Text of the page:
The La Perouse Gardens are a living relic of our past Chinese agricultural heritage, it is imperative that the three lots be combined under one title which has a long term rental ( at least five years with five year option) so that this highly productive and economically viable heritage asset remains, for generations to come. Fred Haskins NSW Farmers Association
The gardens have been managed by Chinese farmers for around one hundred years , supplying fresh produce to the city of Sydney and beyond.
The farmers originally farmed the flood plains of the Pearl River in Canton China, and on becoming farmers in NSW selected the deep sandy Loam soils of La Perouse, Matraville, San Souci, and later Milperra as these locations were similar to the growing conditions of their homeland.
Three farms remain within the close proximity of the City of Sydney, one at La Perouse, one at Matraville and one at Rockdale.
These three farms are probably the last farms in Australia that are still farmed in a similar technique , to those many Chinese farms that most country towns had supplying fresh vegetables during the period 1860 to 1960.
There are about two and fifty Chinese farms located in the peri urban areas of western and North Western Sydney, however these farms are on clay soils and are farmed using similar agricultural technology and equipment as European Farmers.
The high rainfall 1000 mls PA at Mascot Airport, high water table, and deep sandy loam soils, which give good drainage, are very essential to be able to grow many of the Asian root vegetables they produce.
This type of country due to the high water table limits the use of heavy equipment, resulting in the agricultural practises used today are not that far removed from those of fifty years ago.
Irrigation using sprinklers and pumps were introduced in the late 1960 s, as were walk behind rotary hoes.
Previous to the use of sprinklers, the farmers used the ancient pole across the shoulders carrying a bucket at each end to manually water crops . This tool was known as a “Darm Teal”.
Recently small four wheel drive tractors ( under twenty horse power) have also been purchased, however their use is restricted to drier periods of the year.
The high use of manual labour and the sandy loam soils allows these farms during prolonged wet weather periods to be able to continue to sow and provide produce, where as those farmers on the clay soils in western Sydney, are not able to use their tractors, but also lose their crops due to soil water saturation.
The La Perouse Garden is very productive, due to soil type, drainage, and high rainfall. The gardens require very little irrigation . Unlike horticulture west of the range they are not on a stressed river system DPI stats show 11 megs PA are require to produce these intensive horticultural crops. As was stated previously 10 megs PA is delivered by annual rainfall. They are within close proximity of the Centre of Sydney and fresh food produce shops.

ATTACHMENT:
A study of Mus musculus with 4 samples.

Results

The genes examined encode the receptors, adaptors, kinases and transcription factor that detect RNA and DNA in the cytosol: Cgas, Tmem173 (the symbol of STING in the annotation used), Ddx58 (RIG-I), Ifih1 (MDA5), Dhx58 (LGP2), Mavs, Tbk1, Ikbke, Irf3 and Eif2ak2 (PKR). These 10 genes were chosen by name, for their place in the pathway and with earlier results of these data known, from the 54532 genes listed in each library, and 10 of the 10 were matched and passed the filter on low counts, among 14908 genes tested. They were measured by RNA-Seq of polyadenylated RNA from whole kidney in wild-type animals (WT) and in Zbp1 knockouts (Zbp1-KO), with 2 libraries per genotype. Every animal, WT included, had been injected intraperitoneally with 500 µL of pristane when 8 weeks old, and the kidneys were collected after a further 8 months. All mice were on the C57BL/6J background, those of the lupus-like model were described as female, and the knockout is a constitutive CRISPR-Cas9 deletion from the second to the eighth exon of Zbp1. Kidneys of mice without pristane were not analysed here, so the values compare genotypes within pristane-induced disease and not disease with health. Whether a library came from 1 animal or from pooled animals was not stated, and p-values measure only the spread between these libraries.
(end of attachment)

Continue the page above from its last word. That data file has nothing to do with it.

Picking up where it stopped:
The farm acts as a filter purifier to the water inflowing from suburban areas upstream before these waters are deposited into Botany Bay. ( photos taken during the heavy storms last April, clearly show this effect.) The farm is within close proximity to Port Botany and acts as a sentinel for introduced exotic pests escaping from the terminal ( recent examples are the Giant African Snail and Fire Ant incursions at Port Botany)
Social and Tourist
The location and topography of the farm being in a valley water course allows spectacular views of the workings and lay out of the farm from the Cemetery from the north, Bi Centennial Perk from the west and Hill 60 from the south. How many other cities of the world can boast a highly productive profitable working horticultural enterprise within a few kilometres of the city centre.
I am led to believe that the three lots combined paid an annual rental of approximately $35000 PA, how many of our other heritage sites actually generate income for the Crown?
The La Perouse Gardens are a living relic of our past Chinese agricultural heritage, it is imperative that the three lots be combined under one title which has a long term rental ( at least five years with five year option) so that this highly productive and economically viable heritage asset remains, for generations to come.